The Mudcat Café TM
Thread #165215 Message #4008539
Posted By: Charmion
12-Sep-19 - 09:55 AM
Thread Name: BS: Recipes - what are we eating?
Subject: RE: BS: Recipes - what are we eating?
We have that same "farms" branding in Canada and the U.S. I assume that the corporate behemoths behind most of the cheese we see in supermarkets (such as Kraft in this country) want us to be so distracted by nostalgic visions of milkmaids and farm wives meditatively turning cheeses in breezy creameries that we don't ever bother to look at, let alone think about, their real production methods.
This summer I added frittate, learned from the famous Marcella Hazan, to our rotation of supper dishes. It's not exactly low-cal, but what really good dish is?
Frittata is an Italian egg dish that includes grated Parmesan or Pecorino Romano cheese and rather a lot of cooked veg. For two people, four to six eggs (depending on appetite and what else is to be served), 20 to 30 grams of cheese, and a substantial heap (250 to 300 grams) of steamed broccoli, blanched haricots verts, blanched asparagus or what you will, as long as it's not what I think of as a wet veg -- i.e., not tomatoes. (I often use a mix we call "veg haché", which includes cauliflower, broccoli, zucchini (aka courgette) and red onion, all sliced fairly fine and sautéed fast with olive oil and garlic.)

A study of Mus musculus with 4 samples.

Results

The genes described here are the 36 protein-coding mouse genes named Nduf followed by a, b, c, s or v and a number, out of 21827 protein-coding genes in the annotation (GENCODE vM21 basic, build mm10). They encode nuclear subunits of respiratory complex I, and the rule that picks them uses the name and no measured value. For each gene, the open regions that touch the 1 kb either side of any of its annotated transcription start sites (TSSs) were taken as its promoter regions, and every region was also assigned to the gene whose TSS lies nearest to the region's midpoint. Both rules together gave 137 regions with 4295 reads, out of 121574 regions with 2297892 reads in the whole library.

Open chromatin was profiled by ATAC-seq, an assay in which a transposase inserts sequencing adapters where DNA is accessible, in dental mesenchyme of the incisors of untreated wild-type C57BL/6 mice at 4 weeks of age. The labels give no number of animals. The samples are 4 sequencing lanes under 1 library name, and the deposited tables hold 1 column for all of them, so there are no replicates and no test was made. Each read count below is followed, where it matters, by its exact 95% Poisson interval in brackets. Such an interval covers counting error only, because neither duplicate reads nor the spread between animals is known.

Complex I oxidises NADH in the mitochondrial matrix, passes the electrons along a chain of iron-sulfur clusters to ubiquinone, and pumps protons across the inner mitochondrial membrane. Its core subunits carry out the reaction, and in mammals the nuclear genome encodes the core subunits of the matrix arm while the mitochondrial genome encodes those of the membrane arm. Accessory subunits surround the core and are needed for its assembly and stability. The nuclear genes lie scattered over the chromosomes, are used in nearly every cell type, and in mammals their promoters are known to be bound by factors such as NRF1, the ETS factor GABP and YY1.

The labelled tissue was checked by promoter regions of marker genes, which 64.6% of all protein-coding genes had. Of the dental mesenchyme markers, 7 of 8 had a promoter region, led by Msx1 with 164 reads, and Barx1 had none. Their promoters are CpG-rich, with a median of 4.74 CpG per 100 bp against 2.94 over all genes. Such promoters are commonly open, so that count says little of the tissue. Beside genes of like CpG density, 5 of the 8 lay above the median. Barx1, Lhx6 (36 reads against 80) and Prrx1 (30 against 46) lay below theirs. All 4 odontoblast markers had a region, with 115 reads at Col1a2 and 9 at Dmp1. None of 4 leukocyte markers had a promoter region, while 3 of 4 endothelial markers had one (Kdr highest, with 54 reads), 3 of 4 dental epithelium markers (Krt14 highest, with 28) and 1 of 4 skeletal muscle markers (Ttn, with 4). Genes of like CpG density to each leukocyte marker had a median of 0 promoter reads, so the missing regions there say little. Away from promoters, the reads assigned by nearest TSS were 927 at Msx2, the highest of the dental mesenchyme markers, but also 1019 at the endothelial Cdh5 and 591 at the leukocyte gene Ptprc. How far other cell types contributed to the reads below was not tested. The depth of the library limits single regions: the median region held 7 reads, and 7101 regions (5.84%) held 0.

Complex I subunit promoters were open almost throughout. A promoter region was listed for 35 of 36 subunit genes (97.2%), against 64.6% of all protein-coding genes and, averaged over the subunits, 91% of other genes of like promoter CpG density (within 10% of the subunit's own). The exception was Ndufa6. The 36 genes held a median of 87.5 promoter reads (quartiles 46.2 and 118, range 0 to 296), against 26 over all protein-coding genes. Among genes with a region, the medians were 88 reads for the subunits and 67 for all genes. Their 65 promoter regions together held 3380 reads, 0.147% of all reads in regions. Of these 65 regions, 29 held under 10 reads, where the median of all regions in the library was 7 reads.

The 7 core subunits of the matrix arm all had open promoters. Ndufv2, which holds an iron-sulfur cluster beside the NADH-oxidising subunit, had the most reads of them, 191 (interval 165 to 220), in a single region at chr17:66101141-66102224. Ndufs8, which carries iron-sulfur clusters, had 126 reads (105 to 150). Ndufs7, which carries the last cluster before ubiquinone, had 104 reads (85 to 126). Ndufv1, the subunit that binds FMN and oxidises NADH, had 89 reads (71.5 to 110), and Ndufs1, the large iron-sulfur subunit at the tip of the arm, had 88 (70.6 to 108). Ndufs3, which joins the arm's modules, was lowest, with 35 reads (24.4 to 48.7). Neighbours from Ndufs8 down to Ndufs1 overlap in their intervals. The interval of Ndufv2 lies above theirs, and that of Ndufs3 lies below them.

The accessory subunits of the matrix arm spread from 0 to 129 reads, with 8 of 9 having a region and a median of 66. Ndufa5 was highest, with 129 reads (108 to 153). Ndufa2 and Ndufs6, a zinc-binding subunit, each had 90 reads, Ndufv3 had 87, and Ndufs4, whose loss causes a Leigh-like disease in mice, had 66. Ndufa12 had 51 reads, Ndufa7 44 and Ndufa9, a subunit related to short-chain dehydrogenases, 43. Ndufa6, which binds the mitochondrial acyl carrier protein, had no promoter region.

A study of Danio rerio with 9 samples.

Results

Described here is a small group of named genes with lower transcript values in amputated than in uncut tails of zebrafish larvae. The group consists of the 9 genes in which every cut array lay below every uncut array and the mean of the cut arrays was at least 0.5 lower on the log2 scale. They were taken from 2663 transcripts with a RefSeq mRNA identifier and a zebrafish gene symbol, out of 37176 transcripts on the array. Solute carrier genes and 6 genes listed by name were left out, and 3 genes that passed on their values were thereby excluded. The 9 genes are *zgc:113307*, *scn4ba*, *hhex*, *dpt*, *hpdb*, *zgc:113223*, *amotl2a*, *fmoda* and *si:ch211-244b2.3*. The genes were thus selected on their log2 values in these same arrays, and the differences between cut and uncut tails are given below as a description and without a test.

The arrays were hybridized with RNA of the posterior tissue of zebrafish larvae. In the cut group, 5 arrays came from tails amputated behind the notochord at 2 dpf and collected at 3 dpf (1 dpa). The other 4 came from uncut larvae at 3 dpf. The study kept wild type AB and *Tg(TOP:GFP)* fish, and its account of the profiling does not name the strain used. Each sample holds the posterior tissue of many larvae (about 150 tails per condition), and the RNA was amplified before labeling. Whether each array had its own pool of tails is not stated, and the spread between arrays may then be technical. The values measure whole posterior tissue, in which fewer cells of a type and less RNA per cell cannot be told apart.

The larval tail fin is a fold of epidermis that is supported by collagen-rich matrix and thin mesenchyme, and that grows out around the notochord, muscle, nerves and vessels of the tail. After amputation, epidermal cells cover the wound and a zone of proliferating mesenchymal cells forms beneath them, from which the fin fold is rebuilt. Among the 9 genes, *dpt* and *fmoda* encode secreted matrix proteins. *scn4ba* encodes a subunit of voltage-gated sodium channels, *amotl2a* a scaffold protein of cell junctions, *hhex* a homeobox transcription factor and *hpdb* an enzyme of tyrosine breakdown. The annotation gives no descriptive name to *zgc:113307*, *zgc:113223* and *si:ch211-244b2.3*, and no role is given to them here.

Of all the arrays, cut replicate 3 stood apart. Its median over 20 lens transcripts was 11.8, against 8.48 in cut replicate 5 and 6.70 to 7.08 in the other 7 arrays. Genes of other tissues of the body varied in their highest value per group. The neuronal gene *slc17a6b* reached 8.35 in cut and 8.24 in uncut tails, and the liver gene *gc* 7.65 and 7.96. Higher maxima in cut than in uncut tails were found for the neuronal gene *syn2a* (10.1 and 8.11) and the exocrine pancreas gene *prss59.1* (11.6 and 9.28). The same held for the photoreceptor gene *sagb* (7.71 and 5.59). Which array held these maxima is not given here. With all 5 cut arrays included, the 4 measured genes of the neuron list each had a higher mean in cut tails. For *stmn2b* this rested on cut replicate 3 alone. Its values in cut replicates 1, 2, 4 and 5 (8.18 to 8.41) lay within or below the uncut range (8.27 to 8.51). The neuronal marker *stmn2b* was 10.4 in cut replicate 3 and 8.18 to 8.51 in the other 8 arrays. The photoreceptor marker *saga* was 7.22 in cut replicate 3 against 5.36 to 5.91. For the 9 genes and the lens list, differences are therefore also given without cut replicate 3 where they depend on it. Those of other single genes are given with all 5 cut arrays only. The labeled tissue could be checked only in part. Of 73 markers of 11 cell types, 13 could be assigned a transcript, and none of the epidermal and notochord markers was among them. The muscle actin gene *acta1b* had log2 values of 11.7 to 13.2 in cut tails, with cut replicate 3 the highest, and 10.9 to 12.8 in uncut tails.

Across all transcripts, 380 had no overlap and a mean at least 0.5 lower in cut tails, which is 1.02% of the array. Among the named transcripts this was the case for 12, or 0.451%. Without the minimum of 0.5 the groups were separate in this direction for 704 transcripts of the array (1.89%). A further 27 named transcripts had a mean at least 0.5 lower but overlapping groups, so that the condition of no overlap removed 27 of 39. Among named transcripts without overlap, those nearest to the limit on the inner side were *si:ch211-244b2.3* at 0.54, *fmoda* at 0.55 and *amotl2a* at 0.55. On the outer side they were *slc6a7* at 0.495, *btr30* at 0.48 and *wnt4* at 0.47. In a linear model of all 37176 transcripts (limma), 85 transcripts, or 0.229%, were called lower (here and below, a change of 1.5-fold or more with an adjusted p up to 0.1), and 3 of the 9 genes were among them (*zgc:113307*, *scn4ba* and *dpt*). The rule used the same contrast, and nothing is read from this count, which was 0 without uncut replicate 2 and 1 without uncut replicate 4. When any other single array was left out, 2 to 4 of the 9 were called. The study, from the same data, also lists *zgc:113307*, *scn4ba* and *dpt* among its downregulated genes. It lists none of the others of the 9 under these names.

First, turn on the broiler so it's good and hot when you want it.
Then beat the eggs in a large bowl, add the grated cheese and then the cooked veg. If the veg has cooled, good for you for thinking ahead. If not, add it gradually while beating so the egg doesn't curdle.
Use a skillet than can go under the broiler. Put it on the hob, add a substantial knob of butter, and let the butter foam and get a bit brown, as for omelette. Add the egg-and-veg mixture and cook as for omelette.
When the sides are cooked but the top is still runny, pop the skillet under the hot broiler and leave it there until the entire top of the frittata is brown and puffy.
Frittate can be served either hot or at room temperature, as the main dish with bread, or cut in wedges as part of a selection of antipasti.